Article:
Milwaukee Bucks: Thon Maker’s Defense Set The Tone In Game 1

Mandatory Credit: John E. Sokolowski-USA TODAY Sports
Mandatory Credit: John E. Sokolowski-USA TODAY Sports /
Mandatory Credit: Benny Sieu-USA TODAY Sports /

Understanding Matchups

Heading into Game 1, there was a widely held concern about how Thon Maker would cope with the physically imposing Jonas Valanciunas. The Lithuanian center may have presented opportunities for Maker to stretch the floor offensively, but it was hard not to see the rookie being exploited in any kind of post duel between the two.

Not only did that prove not to be the case, but Valanciunas’ presence was the spark for much of the positive work that Milwaukee’s rookie managed to do defensively.

The Raptors finished the regular season as the NBA’s leaders in points per possession on post-ups (0.98), but importantly they only ranked 21st in terms of the frequency with which they resorted to that option (5.7 percent).

Instead, Toronto’s priority remains creating quality scoring opportunities for Kyle Lowry and DeMar DeRozan. Rather than targeting Milwaukee’s undersized center when the opportunity presented itself, the focus in Game 1 was to create space in halfcourt sets and find lanes for the guards to drive to the rim. Whether or not the Bucks were expecting this beforehand, Maker certainly made the necessary adjustments.

Rather than paying deference to the threat posed by Valanciunas’ size, Maker frequently took up something of a free safety role. With a colossal advantage over his opponent in terms of speed and athleticism, Maker felt comfortable in leaving his man to provide aggressive help, safe in the knowledge that he’d still have the time to recover.

That started out simply. Maker hung back on the edge of the paint if Valanciunas moved out to the perimeter. He also accompanied him when he looked to set screens, only to then force and close space on the ball-handler while still managing to get back across into position to contest shots from the rolling big man.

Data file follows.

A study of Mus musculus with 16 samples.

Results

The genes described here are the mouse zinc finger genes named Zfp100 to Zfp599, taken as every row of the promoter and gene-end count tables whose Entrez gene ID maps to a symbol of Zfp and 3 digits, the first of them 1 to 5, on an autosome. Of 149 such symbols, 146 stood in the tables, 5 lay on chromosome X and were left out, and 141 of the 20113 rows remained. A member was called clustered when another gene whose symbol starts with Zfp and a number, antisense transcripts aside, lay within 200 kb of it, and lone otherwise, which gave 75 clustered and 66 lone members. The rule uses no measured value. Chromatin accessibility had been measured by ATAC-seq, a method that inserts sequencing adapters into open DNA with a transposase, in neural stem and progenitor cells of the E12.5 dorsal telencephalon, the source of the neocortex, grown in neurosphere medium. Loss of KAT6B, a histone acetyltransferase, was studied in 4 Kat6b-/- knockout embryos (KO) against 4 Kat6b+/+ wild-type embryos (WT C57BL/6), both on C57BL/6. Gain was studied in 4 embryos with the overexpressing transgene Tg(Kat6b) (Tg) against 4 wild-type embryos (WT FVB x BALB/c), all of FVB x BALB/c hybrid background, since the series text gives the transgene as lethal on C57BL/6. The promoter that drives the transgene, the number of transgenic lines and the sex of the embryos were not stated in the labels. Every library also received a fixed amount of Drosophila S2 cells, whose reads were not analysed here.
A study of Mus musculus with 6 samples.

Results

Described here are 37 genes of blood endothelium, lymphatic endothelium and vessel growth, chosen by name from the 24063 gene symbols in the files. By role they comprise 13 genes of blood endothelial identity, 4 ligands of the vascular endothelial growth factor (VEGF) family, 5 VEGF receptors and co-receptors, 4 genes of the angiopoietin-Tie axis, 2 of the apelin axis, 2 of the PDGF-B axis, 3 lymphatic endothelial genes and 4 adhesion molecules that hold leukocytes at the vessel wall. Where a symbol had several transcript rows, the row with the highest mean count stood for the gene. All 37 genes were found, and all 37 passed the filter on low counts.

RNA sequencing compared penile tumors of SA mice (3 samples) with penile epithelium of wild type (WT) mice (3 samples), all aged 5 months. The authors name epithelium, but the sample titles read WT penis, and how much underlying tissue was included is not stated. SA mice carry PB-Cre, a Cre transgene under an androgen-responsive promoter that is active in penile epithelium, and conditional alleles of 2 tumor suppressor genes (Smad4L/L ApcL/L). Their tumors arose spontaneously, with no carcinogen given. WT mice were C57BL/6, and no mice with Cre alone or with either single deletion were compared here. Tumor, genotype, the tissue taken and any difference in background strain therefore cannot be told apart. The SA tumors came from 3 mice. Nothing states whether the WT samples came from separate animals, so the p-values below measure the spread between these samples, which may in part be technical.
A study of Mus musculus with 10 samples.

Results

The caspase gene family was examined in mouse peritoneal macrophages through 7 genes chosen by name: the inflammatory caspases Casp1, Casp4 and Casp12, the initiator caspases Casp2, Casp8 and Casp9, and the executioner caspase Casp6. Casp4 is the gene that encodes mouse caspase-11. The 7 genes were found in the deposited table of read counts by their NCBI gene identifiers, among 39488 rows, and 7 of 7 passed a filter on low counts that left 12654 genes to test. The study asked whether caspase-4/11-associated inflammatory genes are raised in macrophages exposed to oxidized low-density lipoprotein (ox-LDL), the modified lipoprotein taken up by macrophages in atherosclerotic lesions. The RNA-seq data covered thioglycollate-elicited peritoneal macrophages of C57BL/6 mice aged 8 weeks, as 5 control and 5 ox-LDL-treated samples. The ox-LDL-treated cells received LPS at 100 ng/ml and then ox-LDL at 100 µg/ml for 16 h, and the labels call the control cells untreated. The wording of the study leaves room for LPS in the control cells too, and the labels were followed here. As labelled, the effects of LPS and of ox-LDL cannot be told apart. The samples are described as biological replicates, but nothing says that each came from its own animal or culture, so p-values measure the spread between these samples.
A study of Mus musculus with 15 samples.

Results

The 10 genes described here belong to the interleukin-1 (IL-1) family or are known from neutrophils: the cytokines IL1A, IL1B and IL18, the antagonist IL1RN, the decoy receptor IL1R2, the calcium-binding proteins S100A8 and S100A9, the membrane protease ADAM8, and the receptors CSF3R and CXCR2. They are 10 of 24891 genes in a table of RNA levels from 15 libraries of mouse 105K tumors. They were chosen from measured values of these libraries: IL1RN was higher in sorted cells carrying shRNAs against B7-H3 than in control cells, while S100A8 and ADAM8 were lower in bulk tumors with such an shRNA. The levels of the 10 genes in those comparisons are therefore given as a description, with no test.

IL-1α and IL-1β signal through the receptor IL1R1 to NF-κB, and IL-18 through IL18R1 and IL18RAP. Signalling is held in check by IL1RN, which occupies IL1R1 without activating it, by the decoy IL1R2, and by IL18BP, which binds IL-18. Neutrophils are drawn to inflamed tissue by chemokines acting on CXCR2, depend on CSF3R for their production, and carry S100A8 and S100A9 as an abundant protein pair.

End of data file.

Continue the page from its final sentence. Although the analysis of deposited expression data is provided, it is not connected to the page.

As the game progressed that sense of freedom became much more apparent, though. By Maker’s second stint in the game which came to start the third quarter, he had no fear in letting Valanciunas free to help create double teams on the perimeter.

Again, Maker was able to show the speed and awareness necessary to recover after a failed trap, positioned himself as a foil straddling the line between guarding multiple opponents in the middle of the paint, and then provide help back on Valanciunas by the time the shot attempt arrived.

All of those opportunities are only in play for the 20-year-old thanks to his incredible length and lateral quickness, but he was capitalizing on the chance to unsettle a Raptors’ offense that showed no signs of adapting to exploit his own weaknesses.

By the time the Raptors eventually decided to seek out Valanciunas in the post, Maker had been allowed to settle and get the position he wanted every time down the floor. Allowing Maker to front in the post isn’t the best strategy for Valanciunas to get some more influential touches inside.

When Valanciunas came out of the game, the more mobile and rangier shooting of Serge Ibaka was able to dominate Maker, but that only underpins Toronto’s failure with their more traditional center on the court.

The Raptors could neutralize Maker’s defensive impact in future games if they’re prepared to play bursts of a post-heavy offense centered around Valanciunas, but based on Game 1 and their play in the regular season, there’s no reason to believe they’ll be willing to deviate from their guard corps’ tough shot express.